NEI Releases Complete Data from Age-Related Eye Disease Study
News Nov 11, 2008
The National Eye Institute (NEI), part of the National Institutes of Health (NIH), announces the release of more than 10 years of data collected during the Age-Related Eye Disease Study (AREDS), which looked at the progression of age-related macular degeneration and age-related cataract in 4,757 adults aged 55 to 80.
Researchers around the world can apply for access to this complete set of medical history records and clinical trial results as well as select genetic information to gain a better understanding of two complicated vision conditions that affect aging adults.
"This vast pool of data is now at the fingertips of scientists, which is an unprecedented occurrence in the field of ophthalmology," said Frederick L. Ferris III, M.D., clinical director of the NEI. "Now that the entire AREDS database is available to the global research community, we hope that researchers will be inspired to delve more deeply into analyzing the genetic and environmental factors involved in the onset and progression of age-related macular degeneration and age-related cataract."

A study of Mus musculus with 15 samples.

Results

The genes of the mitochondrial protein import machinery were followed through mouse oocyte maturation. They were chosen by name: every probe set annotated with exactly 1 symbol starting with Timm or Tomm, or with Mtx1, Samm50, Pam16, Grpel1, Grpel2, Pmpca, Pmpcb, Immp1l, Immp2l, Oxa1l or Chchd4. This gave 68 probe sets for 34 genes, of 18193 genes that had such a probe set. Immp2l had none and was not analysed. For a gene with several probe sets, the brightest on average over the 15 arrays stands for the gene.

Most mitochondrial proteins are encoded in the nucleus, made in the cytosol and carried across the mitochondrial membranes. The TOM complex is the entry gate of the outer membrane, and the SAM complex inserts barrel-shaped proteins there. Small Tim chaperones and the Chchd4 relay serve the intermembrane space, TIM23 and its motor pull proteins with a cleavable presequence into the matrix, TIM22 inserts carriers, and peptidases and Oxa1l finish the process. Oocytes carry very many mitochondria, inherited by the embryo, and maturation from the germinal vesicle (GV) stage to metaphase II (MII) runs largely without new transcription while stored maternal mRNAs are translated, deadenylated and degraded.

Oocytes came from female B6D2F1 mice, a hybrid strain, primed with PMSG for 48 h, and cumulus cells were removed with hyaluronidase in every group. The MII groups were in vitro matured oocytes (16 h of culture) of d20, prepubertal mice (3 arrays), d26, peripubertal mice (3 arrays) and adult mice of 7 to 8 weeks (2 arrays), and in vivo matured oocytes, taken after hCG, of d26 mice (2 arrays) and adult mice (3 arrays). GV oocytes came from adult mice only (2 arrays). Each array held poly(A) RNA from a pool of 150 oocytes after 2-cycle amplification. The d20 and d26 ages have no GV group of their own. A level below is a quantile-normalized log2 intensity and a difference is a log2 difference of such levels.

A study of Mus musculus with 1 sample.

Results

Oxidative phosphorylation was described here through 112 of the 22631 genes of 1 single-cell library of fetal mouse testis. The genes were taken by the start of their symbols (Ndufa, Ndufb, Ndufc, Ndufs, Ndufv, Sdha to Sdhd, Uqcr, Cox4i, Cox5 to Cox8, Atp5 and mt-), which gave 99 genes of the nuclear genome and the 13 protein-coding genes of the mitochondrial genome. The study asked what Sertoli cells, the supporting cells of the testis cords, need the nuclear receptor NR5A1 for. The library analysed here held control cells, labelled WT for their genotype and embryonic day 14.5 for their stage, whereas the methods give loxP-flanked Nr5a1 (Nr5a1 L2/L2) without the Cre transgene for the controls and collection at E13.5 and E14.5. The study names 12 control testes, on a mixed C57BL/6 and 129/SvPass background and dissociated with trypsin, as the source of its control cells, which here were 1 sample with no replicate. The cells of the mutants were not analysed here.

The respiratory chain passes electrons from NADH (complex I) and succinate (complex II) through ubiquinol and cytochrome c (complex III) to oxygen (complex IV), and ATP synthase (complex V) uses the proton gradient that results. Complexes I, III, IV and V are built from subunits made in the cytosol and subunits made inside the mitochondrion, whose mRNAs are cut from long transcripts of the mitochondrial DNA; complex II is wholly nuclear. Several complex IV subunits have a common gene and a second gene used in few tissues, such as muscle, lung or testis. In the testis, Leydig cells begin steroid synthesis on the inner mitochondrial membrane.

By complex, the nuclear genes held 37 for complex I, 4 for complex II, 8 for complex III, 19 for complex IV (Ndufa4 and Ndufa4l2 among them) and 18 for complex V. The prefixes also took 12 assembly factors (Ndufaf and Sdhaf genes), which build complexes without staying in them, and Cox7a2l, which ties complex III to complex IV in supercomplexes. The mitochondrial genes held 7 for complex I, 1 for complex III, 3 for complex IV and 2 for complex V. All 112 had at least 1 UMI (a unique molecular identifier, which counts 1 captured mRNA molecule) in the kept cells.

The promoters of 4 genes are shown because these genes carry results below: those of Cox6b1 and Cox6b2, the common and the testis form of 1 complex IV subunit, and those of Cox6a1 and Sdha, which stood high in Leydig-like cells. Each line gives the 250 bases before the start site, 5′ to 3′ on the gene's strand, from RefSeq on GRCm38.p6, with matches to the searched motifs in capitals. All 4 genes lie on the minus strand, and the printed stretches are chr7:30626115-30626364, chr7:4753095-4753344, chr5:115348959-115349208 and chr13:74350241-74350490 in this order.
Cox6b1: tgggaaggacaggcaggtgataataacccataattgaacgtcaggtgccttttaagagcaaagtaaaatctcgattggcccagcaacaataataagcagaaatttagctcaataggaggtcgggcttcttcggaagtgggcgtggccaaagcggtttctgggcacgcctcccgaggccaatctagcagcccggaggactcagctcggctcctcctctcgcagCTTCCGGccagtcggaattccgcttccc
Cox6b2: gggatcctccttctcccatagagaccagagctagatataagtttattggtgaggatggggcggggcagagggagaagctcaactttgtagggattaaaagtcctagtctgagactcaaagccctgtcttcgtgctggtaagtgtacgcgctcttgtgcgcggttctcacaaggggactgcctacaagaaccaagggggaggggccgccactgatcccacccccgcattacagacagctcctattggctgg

The AREDS data are accessible through the online database of Genotypes and Phenotypes, known as dbGaP, which archives and distributes data from studies that explore the relationships between genetic variations (genotypes) and observable traits (phenotypes).
The NEI-supported AREDS was one of two studies included in the December 2006 launch of dbGaP. The National Library of Medicine's National Center for Biotechnology Information (NCBI) created and operates dbGaP, which includes two levels of access. Study descriptions and documents such as protocols can be found in the public, open-access section.
In the controlled-access section, approved researchers can view genotype and phenotype data from individual AREDS participants, though the information is coded to protect patients' identities.
The first version of controlled-access AREDS data became available through dbGaP in June 2007. It included selected phenotypic data and information gathered from a genome-wide scan of DNA samples collected from 600 AREDS participants.
The updated version now incorporates the complete information obtained from all 4,757 AREDS participants during trial enrollment and follow-up visits, including data from photographs of the patients' eyes and information regarding their nutritional intake, quality of life, and rates of illness and death.